Stress, anxiety, fear and uncertainty – they are all strong emotions that many people are experiencing during the pandemic that has been a part of our lives for months now. Doctors, nurses, lab technicians, and health care workers of all kinds may be responding to this illness and treating individuals who have tested positive with COVID-19, but that doesn’t mean they are immune to those same stressors affecting workers across all other sectors of the economy.
“The challenge we face today is we are all being exposed to repeated or prolonged stress resulting from everything we are encountering with the pandemic, and this is in addition to the normal stressors that we each face on a daily basis,” said a registered nurse employed with Merit Health River Region who prefers to remain unnamed.
“Add to that the frustration that comes from hearing so many people in my own community that don’t even believe this virus is real or as serious as I know it is,” she added.
With the extent to which so many individuals’ worlds have been thrown off balance, it can become increasingly difficult to maintain focus on needs at work. Coupled with the decreased ability to engage in activities that help counter stress – nights out with friends, family dinners, all kinds of social gatherings and close human contact – the workforce, including the health care workforce, has a decreased capacity to function at its normal level due to emotional exhaustion.
Prolonged stress weakens the immune system, leaving the body vulnerable to infections. This is especially dangerous for health care workers and anyone that regularly comes into contact with COVID-19 patients.
For health care providers, the loss of even one individual can be deeply impactful and traumatizing, as the goal of their entire career is to offer healing and save lives.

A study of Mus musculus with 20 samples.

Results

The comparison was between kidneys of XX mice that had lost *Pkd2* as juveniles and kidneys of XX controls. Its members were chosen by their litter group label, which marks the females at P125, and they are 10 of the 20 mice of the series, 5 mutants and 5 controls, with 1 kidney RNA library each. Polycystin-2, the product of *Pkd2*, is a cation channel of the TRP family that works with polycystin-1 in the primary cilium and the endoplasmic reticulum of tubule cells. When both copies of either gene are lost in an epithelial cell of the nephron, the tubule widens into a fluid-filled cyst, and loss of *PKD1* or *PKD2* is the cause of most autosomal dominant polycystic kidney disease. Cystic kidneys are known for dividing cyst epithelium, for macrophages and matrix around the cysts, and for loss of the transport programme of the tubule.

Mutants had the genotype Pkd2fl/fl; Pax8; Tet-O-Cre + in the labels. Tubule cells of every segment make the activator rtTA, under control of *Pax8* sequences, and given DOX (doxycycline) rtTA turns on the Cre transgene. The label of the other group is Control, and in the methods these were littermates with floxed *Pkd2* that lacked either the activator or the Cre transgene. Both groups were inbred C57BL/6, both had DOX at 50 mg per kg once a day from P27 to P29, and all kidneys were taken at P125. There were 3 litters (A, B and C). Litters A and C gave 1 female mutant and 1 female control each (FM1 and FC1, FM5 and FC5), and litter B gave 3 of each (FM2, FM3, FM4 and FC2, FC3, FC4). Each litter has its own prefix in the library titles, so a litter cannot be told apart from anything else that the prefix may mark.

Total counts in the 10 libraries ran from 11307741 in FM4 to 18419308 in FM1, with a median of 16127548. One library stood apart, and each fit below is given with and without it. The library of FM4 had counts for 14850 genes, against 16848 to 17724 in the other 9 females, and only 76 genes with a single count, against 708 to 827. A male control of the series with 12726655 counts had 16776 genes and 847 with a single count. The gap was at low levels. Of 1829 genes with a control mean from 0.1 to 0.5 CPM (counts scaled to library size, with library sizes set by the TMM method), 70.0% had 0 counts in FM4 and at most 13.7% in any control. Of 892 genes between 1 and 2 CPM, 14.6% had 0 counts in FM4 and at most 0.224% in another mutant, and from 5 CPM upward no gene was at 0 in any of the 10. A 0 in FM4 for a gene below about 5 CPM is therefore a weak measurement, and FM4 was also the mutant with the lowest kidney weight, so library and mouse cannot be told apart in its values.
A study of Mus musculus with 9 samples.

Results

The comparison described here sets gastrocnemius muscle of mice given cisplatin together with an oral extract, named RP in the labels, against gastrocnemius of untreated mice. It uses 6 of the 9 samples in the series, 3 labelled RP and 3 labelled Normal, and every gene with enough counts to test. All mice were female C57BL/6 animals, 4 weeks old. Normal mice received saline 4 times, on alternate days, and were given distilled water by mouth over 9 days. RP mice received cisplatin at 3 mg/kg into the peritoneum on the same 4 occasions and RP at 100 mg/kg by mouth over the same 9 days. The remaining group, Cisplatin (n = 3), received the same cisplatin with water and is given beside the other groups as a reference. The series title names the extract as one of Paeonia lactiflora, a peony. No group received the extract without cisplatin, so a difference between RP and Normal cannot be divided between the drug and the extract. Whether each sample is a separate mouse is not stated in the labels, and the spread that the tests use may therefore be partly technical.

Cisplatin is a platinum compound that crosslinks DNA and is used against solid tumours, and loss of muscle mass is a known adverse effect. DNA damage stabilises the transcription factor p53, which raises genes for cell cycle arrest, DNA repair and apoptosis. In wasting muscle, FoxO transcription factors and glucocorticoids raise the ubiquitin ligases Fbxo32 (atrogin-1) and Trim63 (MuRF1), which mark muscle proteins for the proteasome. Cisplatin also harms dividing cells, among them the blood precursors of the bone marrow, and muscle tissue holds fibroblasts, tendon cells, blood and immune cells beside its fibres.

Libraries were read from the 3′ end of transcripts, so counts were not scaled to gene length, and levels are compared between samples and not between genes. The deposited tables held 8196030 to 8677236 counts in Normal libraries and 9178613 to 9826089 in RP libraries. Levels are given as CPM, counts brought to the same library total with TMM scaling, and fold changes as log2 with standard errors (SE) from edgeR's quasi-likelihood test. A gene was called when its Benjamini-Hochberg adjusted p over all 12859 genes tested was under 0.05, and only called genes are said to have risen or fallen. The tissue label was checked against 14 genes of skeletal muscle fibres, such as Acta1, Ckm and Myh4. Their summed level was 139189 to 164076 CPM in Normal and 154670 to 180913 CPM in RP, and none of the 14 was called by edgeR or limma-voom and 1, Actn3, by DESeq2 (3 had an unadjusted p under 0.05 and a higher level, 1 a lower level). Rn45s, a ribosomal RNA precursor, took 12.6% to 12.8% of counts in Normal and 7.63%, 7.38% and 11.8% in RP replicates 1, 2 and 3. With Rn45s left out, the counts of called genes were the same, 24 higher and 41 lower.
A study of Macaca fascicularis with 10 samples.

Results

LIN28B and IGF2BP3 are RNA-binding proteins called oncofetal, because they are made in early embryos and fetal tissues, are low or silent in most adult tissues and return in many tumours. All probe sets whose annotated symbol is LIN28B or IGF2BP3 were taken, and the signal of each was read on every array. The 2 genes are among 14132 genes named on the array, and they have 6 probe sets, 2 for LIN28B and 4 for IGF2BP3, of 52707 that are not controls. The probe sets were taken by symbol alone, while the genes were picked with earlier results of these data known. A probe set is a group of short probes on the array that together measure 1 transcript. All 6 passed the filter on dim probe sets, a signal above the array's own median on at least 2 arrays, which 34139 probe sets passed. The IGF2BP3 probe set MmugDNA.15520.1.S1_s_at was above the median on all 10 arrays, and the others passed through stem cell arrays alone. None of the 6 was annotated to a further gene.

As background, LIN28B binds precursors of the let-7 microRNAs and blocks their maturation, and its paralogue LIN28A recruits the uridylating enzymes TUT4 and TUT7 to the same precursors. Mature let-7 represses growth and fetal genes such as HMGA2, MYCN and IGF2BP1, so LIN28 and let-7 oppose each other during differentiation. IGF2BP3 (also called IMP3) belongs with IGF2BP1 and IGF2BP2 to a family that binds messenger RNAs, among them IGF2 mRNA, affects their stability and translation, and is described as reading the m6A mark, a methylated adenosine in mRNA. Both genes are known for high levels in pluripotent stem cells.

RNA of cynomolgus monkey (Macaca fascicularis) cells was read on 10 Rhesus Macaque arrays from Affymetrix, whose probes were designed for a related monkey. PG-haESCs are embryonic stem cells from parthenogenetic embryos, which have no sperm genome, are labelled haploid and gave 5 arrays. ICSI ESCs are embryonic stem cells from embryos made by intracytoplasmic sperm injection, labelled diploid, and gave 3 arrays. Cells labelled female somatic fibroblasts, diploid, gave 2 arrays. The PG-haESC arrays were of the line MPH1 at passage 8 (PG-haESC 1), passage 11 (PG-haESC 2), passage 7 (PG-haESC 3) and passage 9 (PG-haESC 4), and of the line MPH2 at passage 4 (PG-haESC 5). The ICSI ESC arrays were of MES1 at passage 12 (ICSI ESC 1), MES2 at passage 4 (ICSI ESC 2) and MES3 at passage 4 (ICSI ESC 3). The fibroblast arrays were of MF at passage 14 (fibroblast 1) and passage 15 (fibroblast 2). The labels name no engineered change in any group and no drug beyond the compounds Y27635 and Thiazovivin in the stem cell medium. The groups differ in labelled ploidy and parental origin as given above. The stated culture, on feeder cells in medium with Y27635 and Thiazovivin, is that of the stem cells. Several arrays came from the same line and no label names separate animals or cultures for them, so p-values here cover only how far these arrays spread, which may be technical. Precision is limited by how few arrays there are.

“The other night I went home after an especially rough day at the hospital. We’d lost a patient to COVID-19 that was very dear to me,” the RN said. “So I was trying to relax and scrolling through Facebook. I should know better, I guess. To read so many posts from people I know complaining about something as simple as putting on a mask is maddening.”
During times of such personal and professional difficulty, some people may experience unhealthy coping skills – anything that diminishes someone’s physical, emotional or spiritual well-being.
“Back in June and July when our numbers (of positive COVID-19 cases) were high, my family sat me down to tell me I needed to figure out a way to handle the stress at the hospital in a better way. My husband was concerned because my personality was changing. I snapped at him and my children over inconsequential things. I was close to calling it quits and started looking into other career options,” she said.
The nurse said things then started looking up for her as local and state numbers dropped.
“I love nursing. I’ve never wanted to do anything else. But I love my husband and my children more. I didn’t want to have to choose between my career and my family, so when things started to stabilize, I was thrilled,” she said.
The RN said that most of her coworkers are experiencing the same problems, and she wishes the public could truly understand what effects the coronavirus has on them.
“If the people that think this virus is a hoax and mandatory masks are just a way to take away their personal rights could spend just one day in my position, they’d understand,” she said. “I really just want the naysayers and anti-maskers to know that I am exhausted. We (health care workers) are all beat emotionally and physically. Most of us have spent our entire adult lives here in Vicksburg taking care of its residents. We’ve probably cared for and helped heal someone close to one of the people complaining about wearing masks and staying home. All we’re asking is that they try to understand what this virus is doing to us. And even if they can’t understand and never believe, just put it on to humor me and shut me up.”